We all know that feeling of being the odd one out. Maybe we’re in a situation where we feel self-conscious and worried that nobody will like us. Starting university, new jobs, parties and social media can all evoke these social insecurities. Oh and finding yourself on an island of wild animals.
This is the situation that Roz, a washed-up robot, finds herself in when she is accidentally switched on by a gang of otters. Now you might be forgiven for thinking that robots don’t have feelings and this could turn into a game of Would You Rather … be a robot on a deserted island or a lone figure in the corner of a party? But the truth is that life for Roz is tough on her own and, as the story progresses, we begin to see she needs company for her very survival.
In a way, the emotional neutrality of Roz is quite useful. Like the blank-slate therapist, Roz’s robotic nature allows us to project our own feelings of being alone onto her character. When she’s up against it, you feel her fear … or rather you feel your fear on her behalf. She’s a robot after all. The Wild Robot.
Being a robot, Roz is very good at making sense of the world around her. She watches the animals and begins to learn what she needs to do to survive in her new environment. To some extent perhaps we all do this. But the very lovely thing about Roz is that she doesn’t change in order to fit in. Not really. She develops, grows, takes on board feedback but her essential characteristics are set in … I would say stone but I think in this case it is something much more technical than that! In the end, the animals around Roz have to decide whether to befriend her in spite of her strange metallic monster-like appearance.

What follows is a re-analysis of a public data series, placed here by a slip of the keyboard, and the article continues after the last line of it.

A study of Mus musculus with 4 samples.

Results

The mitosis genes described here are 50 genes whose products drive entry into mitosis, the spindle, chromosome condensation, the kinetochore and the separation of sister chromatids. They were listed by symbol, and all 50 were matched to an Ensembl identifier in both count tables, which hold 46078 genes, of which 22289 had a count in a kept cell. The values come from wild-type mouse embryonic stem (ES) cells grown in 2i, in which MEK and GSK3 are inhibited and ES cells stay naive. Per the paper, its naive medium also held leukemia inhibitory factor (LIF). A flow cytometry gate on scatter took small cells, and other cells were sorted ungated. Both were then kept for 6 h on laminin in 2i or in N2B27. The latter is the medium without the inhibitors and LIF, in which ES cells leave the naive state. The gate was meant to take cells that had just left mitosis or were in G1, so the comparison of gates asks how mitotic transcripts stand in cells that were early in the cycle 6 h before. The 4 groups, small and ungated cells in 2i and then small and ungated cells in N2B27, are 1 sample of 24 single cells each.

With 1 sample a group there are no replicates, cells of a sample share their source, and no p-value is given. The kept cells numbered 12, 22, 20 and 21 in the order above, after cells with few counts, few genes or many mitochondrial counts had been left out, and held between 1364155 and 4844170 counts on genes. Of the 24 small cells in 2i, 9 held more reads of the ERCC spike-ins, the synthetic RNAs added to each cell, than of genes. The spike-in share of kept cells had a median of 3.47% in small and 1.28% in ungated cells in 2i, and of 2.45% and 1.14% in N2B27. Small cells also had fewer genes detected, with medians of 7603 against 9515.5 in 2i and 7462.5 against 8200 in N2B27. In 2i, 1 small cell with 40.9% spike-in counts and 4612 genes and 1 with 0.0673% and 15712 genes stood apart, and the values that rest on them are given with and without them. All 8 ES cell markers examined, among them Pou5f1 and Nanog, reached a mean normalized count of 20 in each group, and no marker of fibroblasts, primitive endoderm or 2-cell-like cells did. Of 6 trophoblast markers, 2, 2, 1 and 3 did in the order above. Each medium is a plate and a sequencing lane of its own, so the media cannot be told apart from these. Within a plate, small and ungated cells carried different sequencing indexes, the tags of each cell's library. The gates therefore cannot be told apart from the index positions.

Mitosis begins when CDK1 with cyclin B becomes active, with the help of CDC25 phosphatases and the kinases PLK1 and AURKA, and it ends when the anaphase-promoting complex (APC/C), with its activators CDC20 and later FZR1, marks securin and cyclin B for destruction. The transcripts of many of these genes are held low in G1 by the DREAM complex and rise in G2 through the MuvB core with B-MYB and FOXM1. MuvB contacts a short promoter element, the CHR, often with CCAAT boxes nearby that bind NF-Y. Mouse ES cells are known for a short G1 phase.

There is something very heartwarming about this tale and happily for those who love it as much as I did there is a sequel, The Robot Escapes. This follows Roz’s adventure back into the city of her creation. It would be reasonable to assume that this might be an easier journey but Roz was born into the wild so it is not that straightforward.
Again there is something very relatable about this. Adapting to new environments can mean that places that once felt homely and comforting can begin to feel unwelcoming and cold. No longer at home in once-familiar territory, we can quite easily begin to feel displaced. I had better own these feelings too since, as we discovered earlier, Roz is a robot. But there is a real sense in this book of the complications we can face when trying to find our place in the world.
Overall then, a book that leaves you feeling warm and cozy but containing moments of light and shade. It is all the better for that.
Both The Wild Robot and The Robot Escapes feature beautiful images drawn by the author. But if you want to enjoy that bedtime-story experience then you can snuggle up with one of the the audio books. There are even book club guides for each book in case you want to do a buddy read. Oh, and in case you hadn’t noticed, these books were written for children but I highly recommend for any age!
I would love to know if you can identify with a sense of not fitting in and, if so, what helped you adapt? Also let me know below which children’s books you are loving and what lessons they can teach us grown-ups!